Henry Mitchell’s book Celebration and Experience in Preaching provides 2 very important sermonic structural components that can guide the preacher in structuring Black Sermons. The first component is celebration. Mitchell argues that celebration is the pervasive distinctive that Black preaching brings to the homiletic universe. Black preaching appeals to the emotive and the intuitive to promote a holistic celebration of the Gospel. I have written on Mitchell’s celebration idea in this article.
The second component of Mitchell’s book is a discussion of what he calls the “genres of preaching.” These are different structures that effective sermons in the Black tradition take.
Vincent Wimbush, in his book The Bible and African Americans, provides a way to analyze how the Bible is operative in the Black sermon. You can read about Wimbush’s description of Black Bible reading at this link. Cleophus LaRue, in his book The Heart of Black Preaching, provides a way to analyze how Black culture is addressed in sermons. I have written on LaRue’s way of doing this at this link. Mitchell gives us a way to look at how these two perspectives are brought together in a sermon. Many of Mitchell’s sermon types are simply variations on a narrative theme.
The first genre is narrative. Here the preacher preaches a sermon like a story. There must be a protagonist, setting, plot, conflict, and resolution. Then at the end of the sermon there is a celebration of the resolution.
The second genre is the character sketch. Here the preacher presents one character of the Bible and preaches that character. The preacher must look at many places in the Bible to piece together the sketch. In addition, the preacher will have to use imagination to fill in gaps left by the Biblical record.
The third genre is the group study. This sermon type is just like the character study only we look at a group instead of an individual. Just like the character sketch the preacher will look all through the Bible for references to put together the story.
The forth genre is the dialogue type. In this type of sermon you bring a real conversation from the scriptures into the pulpit. The next one is the Monologue and Testimony. This is like the dialog only you take one side of the conversation and tell it. It is a story in the first person.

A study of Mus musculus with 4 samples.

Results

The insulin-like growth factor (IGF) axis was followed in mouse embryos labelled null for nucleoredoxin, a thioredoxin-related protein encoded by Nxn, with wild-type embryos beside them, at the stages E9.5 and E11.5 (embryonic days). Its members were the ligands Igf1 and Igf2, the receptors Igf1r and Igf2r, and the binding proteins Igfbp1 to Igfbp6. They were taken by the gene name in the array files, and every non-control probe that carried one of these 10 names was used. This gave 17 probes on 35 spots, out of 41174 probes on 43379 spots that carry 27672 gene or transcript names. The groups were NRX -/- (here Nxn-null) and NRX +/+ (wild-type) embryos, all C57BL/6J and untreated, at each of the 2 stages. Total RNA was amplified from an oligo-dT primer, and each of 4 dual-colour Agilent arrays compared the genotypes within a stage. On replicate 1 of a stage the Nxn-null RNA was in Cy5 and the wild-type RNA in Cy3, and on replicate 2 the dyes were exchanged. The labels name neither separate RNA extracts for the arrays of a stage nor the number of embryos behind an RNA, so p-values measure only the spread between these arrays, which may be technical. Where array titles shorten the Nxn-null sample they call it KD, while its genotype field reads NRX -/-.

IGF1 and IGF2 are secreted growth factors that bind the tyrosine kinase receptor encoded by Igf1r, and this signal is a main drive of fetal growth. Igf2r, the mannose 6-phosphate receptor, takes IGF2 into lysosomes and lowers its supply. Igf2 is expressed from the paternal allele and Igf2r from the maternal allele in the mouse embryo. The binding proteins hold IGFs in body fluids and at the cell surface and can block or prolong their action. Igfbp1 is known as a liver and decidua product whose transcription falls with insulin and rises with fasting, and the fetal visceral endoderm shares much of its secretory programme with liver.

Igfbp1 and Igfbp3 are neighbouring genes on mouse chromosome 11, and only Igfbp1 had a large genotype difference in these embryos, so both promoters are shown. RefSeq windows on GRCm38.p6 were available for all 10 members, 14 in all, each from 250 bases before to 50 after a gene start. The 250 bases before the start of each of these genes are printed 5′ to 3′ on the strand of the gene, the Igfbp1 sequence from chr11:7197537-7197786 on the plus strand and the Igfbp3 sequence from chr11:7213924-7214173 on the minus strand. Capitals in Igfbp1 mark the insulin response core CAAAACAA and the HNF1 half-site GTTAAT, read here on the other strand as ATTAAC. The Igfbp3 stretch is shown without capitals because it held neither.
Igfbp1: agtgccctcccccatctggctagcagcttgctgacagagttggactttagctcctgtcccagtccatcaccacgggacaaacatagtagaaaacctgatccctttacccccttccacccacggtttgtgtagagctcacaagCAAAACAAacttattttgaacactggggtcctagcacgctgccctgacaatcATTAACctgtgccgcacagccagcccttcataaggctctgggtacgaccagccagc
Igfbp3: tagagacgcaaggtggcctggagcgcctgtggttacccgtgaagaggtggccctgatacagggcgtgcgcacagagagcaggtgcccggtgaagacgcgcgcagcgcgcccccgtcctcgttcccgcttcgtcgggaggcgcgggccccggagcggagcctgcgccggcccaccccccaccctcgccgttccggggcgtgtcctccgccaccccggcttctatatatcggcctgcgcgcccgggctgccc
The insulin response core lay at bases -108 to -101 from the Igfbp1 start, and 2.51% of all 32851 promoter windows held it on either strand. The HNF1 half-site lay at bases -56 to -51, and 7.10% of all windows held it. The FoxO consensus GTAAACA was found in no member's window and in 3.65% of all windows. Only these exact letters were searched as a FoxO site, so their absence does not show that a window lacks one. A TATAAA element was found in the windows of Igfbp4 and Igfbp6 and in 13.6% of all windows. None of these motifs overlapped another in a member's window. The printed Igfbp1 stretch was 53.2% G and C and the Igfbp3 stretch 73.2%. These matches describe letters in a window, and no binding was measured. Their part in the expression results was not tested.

Another important genre is the metaphors similes and analogues. Here the preacher uses one of these to build a sermon around. An example might be the metaphor of a bridge and then you can talk about how the bridge demonstrates your sermon. Another example would be to use the car as a metaphor. Here the preacher might take each major component of the car and make it a point in the sermon. Finally there is stream of consciousness sermon. Here the preacher simply jumps into the scripture and walks around and follows the scripture.
To create the sermon you must internalize the text. You must be able to look at the sights in the text. You must smell the stench or perfume in the text. This type of preaching is not only intellectual, but also experiential. You have to really live in the text to get the details out of it that you need to preach these kinds of sermons. Click here to listen to an audio about how to really experience the text.
Next you must have a behavioral purpose to a sermon. You need to know what you are trying to say and why. You cannot just preach without a purpose if you are to be an effective preacher in the Mitchell Method.
Finally, you need to close with a strong celebration. You should celebrate the gospel in the sermon if you are to be a strong preacher making use of Mitchell’s method.